Summary: Introduction to Ten Commandments series: The Place of the Law in the Life of a Christian (Title taken from a book by Michael Horton)
The Law of Perfect Freedom
I would probably never have the guts to do it, but I love to watch skydiving – especially when they are in free fall – before they open their parachutes. It just looks so fun and so amazing – and yes, kind of terrifying – to see human beings literally flying thousands of feet above the earth with nothing holding them up but the wind. Can you imagine it? What a feeling of freedom there must be in that – seeming to defy even the Law of Gravity.
But what if some guy decides he doesn’t want to use a parachute? “I just want to fly freely!” he says. “I don’t want to be bound to something that’s just going to slow me down!”
Well, for the first 30 seconds or so, he is free. He’s free falling and seems suspended in air. But of course, he’s not perfectly suspended. He may imagine that he’s free from the parachute, but he’s still subject to gravity and it won’t be long before he crashes.
Freedom is a funny thing. People define it in all kinds of ways. Often, we claim that we’re free if we can do whatever we want to do – when there are no restrictions.
But think about the skydiver for a minute: is he freer WITH the parachute, or without it? Initially, it seems he’s freer without it, but in reality, without the parachute, he has no choice but to obey the Law of Gravity – and suffer the consequences of ignoring it.
How about something a little closer to home – or a little closer to earth, anyway! Think about what has gone on in Iraq in the last few weeks. The Iraqi government brutally oppressed its people. But when the coalition forces marched in, suddenly there was no government! So then the people were FREE, right? Not really. They didn’t think so. Why not? Because there was so much looting and violence – there was NO order, NO police, NO rule of law. Everyone did whatever they wanted and there was no one to stop them.
But that is not freedom, and the Iraqis begged the U.S. to bring ORDER. Ironically, the people of Iraq can’t be FREE until there is LAW that is enforced.
In the passage we read this morning, James urges his readers to: "look closely into the perfect law that sets people free"
That “perfect law” is, of course, God’s Law.
During this quarter of Sunday School, our young people are being challenged to memorize the 10 Commandments.
In recent years, there have been numerous lawsuits regarding the posting of the 10 Commandments in public places.
Many Christians have spoken out strongly about the value of having the 10 Commandments posted in schools or in halls of justice. But I’ve often wondered how many of us ADULTS could name all 10 Commandments.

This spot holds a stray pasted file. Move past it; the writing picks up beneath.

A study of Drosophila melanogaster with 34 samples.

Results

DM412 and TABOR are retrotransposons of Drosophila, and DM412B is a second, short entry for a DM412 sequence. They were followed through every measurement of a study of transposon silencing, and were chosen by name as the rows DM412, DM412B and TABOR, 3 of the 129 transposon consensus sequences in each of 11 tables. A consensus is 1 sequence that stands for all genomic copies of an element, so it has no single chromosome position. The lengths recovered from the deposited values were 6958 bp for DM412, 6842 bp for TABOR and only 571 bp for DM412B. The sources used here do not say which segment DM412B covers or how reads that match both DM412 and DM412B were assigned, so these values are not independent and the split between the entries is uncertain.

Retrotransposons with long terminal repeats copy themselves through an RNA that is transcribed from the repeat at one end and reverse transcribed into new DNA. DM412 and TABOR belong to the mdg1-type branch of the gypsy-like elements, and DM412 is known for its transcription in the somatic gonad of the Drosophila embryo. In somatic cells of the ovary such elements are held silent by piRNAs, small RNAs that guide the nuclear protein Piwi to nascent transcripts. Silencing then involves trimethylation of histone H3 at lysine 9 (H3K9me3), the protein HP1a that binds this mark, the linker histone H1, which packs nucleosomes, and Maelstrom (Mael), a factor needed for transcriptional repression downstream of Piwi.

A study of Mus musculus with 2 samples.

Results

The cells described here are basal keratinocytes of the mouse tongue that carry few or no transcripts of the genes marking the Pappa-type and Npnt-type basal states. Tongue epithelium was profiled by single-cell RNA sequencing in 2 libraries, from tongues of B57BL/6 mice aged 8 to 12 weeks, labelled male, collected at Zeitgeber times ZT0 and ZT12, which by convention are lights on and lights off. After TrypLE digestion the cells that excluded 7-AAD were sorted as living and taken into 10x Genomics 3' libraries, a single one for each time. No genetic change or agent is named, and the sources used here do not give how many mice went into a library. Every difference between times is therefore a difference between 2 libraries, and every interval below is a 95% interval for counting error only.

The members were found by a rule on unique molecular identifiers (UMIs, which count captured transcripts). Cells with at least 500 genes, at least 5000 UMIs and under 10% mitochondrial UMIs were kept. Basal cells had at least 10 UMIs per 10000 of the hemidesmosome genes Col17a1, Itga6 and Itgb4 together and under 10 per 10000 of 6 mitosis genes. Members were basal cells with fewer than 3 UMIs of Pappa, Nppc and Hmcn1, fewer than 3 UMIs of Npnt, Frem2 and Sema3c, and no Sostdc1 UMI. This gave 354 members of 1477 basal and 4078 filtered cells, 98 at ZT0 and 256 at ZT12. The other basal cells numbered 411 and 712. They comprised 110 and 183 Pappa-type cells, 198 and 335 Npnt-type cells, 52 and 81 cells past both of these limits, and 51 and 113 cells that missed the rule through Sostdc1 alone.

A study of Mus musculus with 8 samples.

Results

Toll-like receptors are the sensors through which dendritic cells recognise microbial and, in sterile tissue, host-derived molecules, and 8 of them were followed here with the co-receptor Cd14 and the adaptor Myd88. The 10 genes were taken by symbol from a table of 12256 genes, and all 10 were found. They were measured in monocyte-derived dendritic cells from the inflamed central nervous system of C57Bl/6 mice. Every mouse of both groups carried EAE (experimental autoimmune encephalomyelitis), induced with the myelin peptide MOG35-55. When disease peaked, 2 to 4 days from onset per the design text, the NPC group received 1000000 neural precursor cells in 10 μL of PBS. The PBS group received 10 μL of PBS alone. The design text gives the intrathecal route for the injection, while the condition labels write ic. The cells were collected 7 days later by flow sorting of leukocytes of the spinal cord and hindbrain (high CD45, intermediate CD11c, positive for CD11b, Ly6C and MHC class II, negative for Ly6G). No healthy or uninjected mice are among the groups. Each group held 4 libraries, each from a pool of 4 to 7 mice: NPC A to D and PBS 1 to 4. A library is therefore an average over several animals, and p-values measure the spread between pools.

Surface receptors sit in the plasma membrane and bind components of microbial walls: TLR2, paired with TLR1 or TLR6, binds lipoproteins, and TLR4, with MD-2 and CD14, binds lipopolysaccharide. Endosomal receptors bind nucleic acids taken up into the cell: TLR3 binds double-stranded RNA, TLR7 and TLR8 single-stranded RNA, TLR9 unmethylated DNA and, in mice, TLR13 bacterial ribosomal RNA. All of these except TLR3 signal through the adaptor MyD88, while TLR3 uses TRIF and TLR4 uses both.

So, as the young people work on memorizing them, I thought it would be of benefit to all of us to get a refresher course on them. So over the next several weeks (like probably 10 weeks) I will be preaching on the 10 Commandments.
But before I actually started in on the Commandments themselves, I thought it would be valuable to take a look at why we would study this small part of the Old Testament Law. After all, we don’t obey the parts of the law that talk about sacrificing animals or all kinds of other laws. What parts of the Old Testament Laws are still applicable to us today? And why those and not others? I’d be willing to bet that none of you would be really excited about returning to that set of Laws, but it makes sense to ask, “If we really believe the Bible is the word of God, then why DON’T we follow ALL the Laws of the Old Testament?”
Here, I hope, is some kind of an answer.
There are three types of Laws contained in what we call “The Books of the Law” (first 5 books of the Bible, also called “The Books of Moses” or the Pentateuch)
There is Ceremonial law, Civil law, Moral law
They are not introduced as such when you read them in the Bible, but they can be identified as we read them.
Ceremonial Law had to do with those things which related directly to the Jewish religion, which was based on the sacrificial system.
That is, in order to atone, or pay for their sins, the people would have to sacrifice an animal.
A great deal of the worship of Israel was based on these sacrifices.
All the Laws about the Ark and later the Temple –
All the Laws about the priests –
– all were based on offering sacrifices to God.